A NASA probe sent back never-before-seen pictures of Mars' north pole Monday, in the most ambitious mission to date to find life-sustaining minerals on the Red Planet.
The NASA probe sent back never-before-seen pictures of Mars' north pole Monday, in the most ambitious mission to date to find life-sustaining minerals on the Red Planet.(AFP iactiv)
After NASA's Phoenix Mars probe made a near perfect landing at the Martian polar region late Sunday, scientists pored over images revealing a desolate frozen tundra.
"We can see cracks in the troughs that make us think the ice is still modifying the surface," said Peter Smith, a lead scientist on the project. "We see fresh cracks. Cracks can't be old. They would fill in," he said.
Scientists said they were also excited about the images taken by the probe during its descent late Sunday into the atmosphere of the Red Planet.
"I'm floored. I'm absolutely floored," said Phoenix Project manager Barry Goldstein of NASA's Jet Propulsion Laboratory in Pasadena, California, as he reviewed the dramatic images.
Phoenix on Monday was to test several of its instruments and systems, while continuing to transmit back to Earth images of its surroundings.
The pictures from the probe confirmed that the solar arrays needed for the mission's energy supply had unfolded properly, as the craft's batteries would have run out in about 30 hours.
The photos also showed masts for the stereo camera and weather station had swung into vertical position as planned, and showed the spacecraft's footpad planted on the dusty surface as well polygonal patterns on the ground that looked similar to icy arctic regions on Earth.
The flat Martian valley floor is expected to have water-rich permafrost within reach of the lander's robotic arm.
"Seeing these images after a successful landing reaffirmed the thorough work over the past five years by a great team," Goldstein told reporters.
After a nine-month journey from Earth, the Phoenix probe touched down in a relatively flat target area.
As planned, Phoenix stopped transmitting signals one minute after landing and focused its limited battery power on opening its solar arrays, and other critical activities.
But a key task still ahead was the first use of the lander's robotic arm, which was planned for Tuesday.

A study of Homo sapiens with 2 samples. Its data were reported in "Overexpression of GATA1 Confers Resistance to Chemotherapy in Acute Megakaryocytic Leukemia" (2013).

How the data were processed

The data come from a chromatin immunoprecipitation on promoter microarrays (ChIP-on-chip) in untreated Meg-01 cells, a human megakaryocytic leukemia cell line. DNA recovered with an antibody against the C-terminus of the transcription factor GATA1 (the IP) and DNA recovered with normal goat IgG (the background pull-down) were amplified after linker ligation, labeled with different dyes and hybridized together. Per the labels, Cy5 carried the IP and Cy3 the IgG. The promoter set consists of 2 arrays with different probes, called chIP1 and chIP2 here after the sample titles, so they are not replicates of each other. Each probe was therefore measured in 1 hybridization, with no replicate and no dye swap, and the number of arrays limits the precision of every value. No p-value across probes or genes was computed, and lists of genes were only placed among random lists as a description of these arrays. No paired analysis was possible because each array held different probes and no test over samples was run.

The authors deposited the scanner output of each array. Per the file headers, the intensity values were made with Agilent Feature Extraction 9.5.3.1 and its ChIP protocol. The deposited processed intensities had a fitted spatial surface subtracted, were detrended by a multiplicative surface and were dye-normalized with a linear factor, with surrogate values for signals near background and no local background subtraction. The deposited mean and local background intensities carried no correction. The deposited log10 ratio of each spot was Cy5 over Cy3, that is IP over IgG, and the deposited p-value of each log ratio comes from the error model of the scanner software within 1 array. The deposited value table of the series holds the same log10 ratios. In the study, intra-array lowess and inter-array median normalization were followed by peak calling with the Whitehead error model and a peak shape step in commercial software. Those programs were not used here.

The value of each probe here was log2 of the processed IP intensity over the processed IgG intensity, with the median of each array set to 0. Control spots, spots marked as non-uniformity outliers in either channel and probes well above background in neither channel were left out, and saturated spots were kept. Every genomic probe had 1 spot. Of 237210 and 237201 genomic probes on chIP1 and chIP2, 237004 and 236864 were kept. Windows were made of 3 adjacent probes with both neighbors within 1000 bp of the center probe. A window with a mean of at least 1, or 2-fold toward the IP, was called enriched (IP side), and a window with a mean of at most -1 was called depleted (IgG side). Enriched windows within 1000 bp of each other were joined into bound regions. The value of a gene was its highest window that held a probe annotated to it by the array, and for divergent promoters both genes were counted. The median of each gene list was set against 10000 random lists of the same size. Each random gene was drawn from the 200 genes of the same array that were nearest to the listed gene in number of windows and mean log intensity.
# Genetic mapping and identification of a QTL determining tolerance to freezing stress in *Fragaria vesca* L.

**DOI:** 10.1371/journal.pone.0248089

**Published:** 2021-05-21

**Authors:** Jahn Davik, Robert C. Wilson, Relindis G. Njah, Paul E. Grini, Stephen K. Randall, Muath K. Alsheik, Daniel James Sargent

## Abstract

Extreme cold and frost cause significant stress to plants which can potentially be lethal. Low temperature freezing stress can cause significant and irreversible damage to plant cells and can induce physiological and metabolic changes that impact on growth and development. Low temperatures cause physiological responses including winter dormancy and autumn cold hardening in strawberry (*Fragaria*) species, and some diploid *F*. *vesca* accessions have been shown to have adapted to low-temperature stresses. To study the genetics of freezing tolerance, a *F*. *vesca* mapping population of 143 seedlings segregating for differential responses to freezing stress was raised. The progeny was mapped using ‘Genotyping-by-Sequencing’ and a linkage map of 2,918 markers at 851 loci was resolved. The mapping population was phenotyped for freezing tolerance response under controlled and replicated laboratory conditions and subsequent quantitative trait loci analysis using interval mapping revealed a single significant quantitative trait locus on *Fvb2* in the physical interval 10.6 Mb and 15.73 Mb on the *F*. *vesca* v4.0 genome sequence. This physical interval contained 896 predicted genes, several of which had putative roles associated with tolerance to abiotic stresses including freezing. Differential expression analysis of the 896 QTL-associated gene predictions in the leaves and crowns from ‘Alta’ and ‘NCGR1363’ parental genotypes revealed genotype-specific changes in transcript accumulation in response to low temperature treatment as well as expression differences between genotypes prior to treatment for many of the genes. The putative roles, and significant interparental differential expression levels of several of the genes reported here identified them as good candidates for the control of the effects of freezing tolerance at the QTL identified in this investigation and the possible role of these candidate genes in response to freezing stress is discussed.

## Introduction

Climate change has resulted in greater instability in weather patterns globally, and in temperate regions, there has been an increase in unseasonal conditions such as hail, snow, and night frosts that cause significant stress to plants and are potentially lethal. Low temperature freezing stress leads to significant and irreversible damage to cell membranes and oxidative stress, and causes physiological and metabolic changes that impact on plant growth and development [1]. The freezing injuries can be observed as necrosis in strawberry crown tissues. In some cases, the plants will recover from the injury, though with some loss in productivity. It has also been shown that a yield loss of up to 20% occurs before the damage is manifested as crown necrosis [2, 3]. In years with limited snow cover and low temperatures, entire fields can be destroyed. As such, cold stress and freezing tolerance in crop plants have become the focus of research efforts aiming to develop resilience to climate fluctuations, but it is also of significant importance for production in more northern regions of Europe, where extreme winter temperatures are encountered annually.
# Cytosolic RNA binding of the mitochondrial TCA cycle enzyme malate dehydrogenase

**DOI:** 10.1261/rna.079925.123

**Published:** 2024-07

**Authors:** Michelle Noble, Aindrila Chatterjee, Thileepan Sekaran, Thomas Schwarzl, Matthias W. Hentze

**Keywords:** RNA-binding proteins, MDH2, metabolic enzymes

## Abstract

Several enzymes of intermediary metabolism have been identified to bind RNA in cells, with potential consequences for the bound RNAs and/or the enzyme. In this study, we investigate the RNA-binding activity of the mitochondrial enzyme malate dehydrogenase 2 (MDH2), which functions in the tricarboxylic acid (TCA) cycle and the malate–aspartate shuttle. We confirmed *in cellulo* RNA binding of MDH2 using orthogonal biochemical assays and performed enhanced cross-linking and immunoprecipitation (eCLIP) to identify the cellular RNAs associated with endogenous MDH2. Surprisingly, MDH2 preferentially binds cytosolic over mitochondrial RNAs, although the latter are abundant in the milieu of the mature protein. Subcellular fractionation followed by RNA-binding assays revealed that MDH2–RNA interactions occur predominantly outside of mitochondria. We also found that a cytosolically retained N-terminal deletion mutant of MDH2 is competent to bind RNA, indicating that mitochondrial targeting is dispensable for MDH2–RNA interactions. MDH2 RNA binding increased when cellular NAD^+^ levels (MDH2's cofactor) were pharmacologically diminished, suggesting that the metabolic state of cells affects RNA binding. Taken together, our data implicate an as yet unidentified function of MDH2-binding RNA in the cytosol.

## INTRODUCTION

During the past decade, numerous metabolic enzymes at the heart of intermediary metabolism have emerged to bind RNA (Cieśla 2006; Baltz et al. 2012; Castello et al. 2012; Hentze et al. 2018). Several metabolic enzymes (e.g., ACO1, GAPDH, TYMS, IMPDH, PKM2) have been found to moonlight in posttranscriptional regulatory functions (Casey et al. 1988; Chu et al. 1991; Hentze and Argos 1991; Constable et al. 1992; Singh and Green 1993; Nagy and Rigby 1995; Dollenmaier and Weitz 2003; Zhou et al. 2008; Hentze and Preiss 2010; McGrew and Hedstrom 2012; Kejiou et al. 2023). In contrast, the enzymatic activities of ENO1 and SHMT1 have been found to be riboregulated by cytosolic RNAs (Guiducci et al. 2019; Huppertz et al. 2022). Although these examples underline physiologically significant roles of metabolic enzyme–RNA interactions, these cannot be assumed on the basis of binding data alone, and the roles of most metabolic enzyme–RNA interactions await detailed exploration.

The backhoe-like arm, 2.35 meters (7.7 feet) long, is designed to dig trenches up to one meter (3.3 feet) deep for samples of soil and water ice.
The arm will deliver the samples to instruments aboard the lander for detailed chemical and geological analysis.
The robotic arm also carries a box-shaped camera with a double Gauss lens system like that in 35mm cameras, and two lighting assemblies.
This will take images of the surrounding area and of samples the arm picks up.
Another camera device is the surface stereo imager, what NASA calls Phoenix's "eyes." Sitting two meters (6.6 feet) above the ground, the SSI will produce high-definition and panoramic images of the surrounding landscape.
Its stereo capability will help give scientists on Earth three-dimensional views of the work the robotic arm does. It can also be turned vertically to take images that will provide information on atmospheric particles.
"Only five of our planet's 11 previous attempts to land on the Red Planet have succeeded," said Ed Weiler, NASA associate administrator. "In exploring the universe, we accept some risk in exchange for the potential of great scientific rewards."
Working in the flat circumpolar region known as Vastitas Borealis -- akin to northern Canada in Earth's latitude -- Phoenix, with a panoply of high-tech equipment, will over three months dig below the surface to probe the icy ground for signs of liquid water and organic, life-supporting minerals.
Given that Mars ' polar region is subject to Earth-like seasonal changes, the scientists think that, like on Earth, the Martian arctic might have a geological record of a warmer, habitable climate.
The team had been worried about the high risk of the project, with a roughly 50 percent failure rate on all Mars missions since the Soviet Union launched the first one in 1960.